Tuesday, 17 February 2015

New Inn, 45 Coe Street

New Inn Coe Street Bolton
The New Inn pictured shortly before its closure in 1960.




The New Inn was situated at 45 Coe Street on the corner of the junction with Maxfield Street. It was known as the New Inn presumably to differentiate it from the Coe Street Tavern  just over the road. The Tavern was the senior of the two pubs with the New Inn opening in the 1860s.

William Hamer was an early landlord at this pub-brewery but he left in the mid-1870s and Joseph Mangnall took over. Joseph was a Chorley man and a joiner by trade, but his father had run a pub in Chorley so he was no stranger to the licensed trade. Joseph had married his wife Ann in Belmont and the couple’s son was born in the village, but by 1868 the family were living in Bolton and residing at Bamber Street, off Derby Street, by 1871.

The 1876 Directory shows Joseph Mangnall as the owner of the New Inn, but Ann died in 1882 at the age of just 50 and that may have been the catalyst for Joseph’s exit from the pub.  He re-married in 1886, to Hannah Walker, a widow from Great Lever, but his trade at the time of marriage is described as a joiner. By 1891 the couple were living on St Helens Road with Joseph described as an ‘out of work joiner’. He died in 1900.

As an aside, Joseph’s son James Ernest Mangnall achieved some fame in the world of football. Ernest – he dropped the first name - was educated at Bolton School and was a notable amateur goalkeeper in his youth playing for the Lancashire FA side. He was appointed a director of Bolton Wanderers in the 1890s, but he was approached to become manager of Burnley in 1899. He moved to Manchester United in 1903 where he was responsible for the building of the club’s Old Trafford ground. He led United to their first major honours with two league titles and an FA Cup before leaving in 1912 for a 12-year stint as manager of Manchester City. He wasn’t as successful at City, failing to win any trophies, but he oversaw the club’s move to Maine Road. He was also instrumental in setting up the Central League competition for reserve sides, and the Football Managers Association. [1] [2] [3]

 Joseph Mangnall was succeeded at the New Inn by Thomas Aspden. Thomas was another Chorley man who had spent a number of years living in Breightmet where he had worked as a brewer. There were no commercial breweries in Breightmet at that time so it is likely that he brewed for a number of individual pubs in the area that had their own small breweries.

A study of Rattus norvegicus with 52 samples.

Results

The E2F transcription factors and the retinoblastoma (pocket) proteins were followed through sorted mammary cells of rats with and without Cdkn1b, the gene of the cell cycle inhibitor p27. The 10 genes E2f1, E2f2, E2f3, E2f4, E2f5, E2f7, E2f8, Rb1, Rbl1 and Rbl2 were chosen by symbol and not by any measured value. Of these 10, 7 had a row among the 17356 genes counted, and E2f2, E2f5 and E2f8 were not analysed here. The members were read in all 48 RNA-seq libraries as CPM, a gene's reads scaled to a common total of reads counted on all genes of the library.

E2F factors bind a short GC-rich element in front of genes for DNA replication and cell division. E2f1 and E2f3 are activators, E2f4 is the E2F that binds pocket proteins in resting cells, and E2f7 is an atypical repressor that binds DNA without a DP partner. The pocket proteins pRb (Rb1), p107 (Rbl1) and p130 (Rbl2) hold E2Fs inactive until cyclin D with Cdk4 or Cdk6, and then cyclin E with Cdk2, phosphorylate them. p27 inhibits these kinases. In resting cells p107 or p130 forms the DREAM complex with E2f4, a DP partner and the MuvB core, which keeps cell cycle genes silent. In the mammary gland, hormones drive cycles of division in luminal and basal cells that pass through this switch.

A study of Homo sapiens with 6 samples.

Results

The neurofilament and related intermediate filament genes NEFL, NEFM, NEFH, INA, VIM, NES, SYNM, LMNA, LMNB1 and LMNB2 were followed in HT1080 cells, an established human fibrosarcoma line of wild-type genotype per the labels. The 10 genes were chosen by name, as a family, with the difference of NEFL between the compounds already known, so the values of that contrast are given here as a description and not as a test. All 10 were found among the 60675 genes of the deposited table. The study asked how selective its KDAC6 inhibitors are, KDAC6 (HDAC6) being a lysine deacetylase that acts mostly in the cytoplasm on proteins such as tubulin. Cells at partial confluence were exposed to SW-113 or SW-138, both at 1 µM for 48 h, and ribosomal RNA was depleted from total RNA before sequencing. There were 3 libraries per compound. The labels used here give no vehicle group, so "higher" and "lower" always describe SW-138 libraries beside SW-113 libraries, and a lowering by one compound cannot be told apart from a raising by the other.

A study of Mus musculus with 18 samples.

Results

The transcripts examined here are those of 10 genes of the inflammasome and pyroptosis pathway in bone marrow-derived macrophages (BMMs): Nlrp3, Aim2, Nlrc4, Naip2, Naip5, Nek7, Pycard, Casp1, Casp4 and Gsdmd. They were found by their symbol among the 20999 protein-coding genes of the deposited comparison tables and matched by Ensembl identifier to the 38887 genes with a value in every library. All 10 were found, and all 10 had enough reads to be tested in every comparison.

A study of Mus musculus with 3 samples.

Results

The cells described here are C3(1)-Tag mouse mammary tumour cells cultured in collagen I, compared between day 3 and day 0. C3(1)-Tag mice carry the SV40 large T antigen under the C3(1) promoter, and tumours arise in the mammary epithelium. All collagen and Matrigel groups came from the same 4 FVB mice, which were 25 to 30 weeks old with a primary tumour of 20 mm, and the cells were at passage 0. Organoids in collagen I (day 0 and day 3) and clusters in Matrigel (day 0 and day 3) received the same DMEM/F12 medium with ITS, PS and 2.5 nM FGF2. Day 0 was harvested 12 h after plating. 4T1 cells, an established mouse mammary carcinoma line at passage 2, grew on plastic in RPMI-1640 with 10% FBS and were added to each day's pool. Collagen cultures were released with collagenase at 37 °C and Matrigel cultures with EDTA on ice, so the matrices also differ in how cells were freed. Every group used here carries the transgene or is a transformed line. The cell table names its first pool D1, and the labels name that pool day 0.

The 45-year-old Thomas Apsden was listed at the New Inn on Coe Street in the 1891 Census. His wife Sarah was 47 and their daughter 21-year-old Mary helped out at the pub until her marriage to Frederick Beech in 1895. But Thomas wasn’t at the New Inn for long and was described as a ‘retired beer seller’ living on Chorley Old Road in 1901. He lived there until he died in 1922. His estate of £6020 wasn’t bad for a jobbing brewer and pub landlord – the equivalent of over £260,000 today.

The New Inn was sold to Wingfield’s of Nelson Square in the 1890s – perhaps by Thomas Aspden. The Nelson family took over from Thomas Aspden, first William Nelson and then, from 1912, his son Walter.

A series of takeovers saw the New Inn change hands. Wingfield’s were taken over by the Manchester Brewery Company in 1899. They were in turn taken over by the Salford firm of Walker and Homfray’s in 1912. Wilson’s bought out Walker and Homfray’s in 1949 and it was as a Wilson’s house that the New Inn closed. Gordon Readyhough puts this at around 1960. [4]

The properties on Coe Street and its neighbouring streets were all demolished during the late-fifties and early-sixties. The 1954 street map shows that the row of houses opposite the New Inn had already been demolished. Unlike Maxfield Street, Coe St wasn’t entirely wiped off the map, but instead of rows of terraced houses it has hosted an industrial estate for the past 50 years.

[1] Mangnall family. Accessed 16 February 2015  
[2] Wikipedia. Accessed 16 February 2015 
[3] Clarets Mad. Accessed 16 February 2015 
[4] Pubs Of Bolton 1800 – 2000, by Gordon Readyhough. Published by Neil Richardson (2000).



Coe Street pictured in September 1914 (copyright Google Street View).  The spare land next to the Folsana works has never been built on, but the gates were once on the corner of Maxfield Street. The New Inn was on the far side of that corner.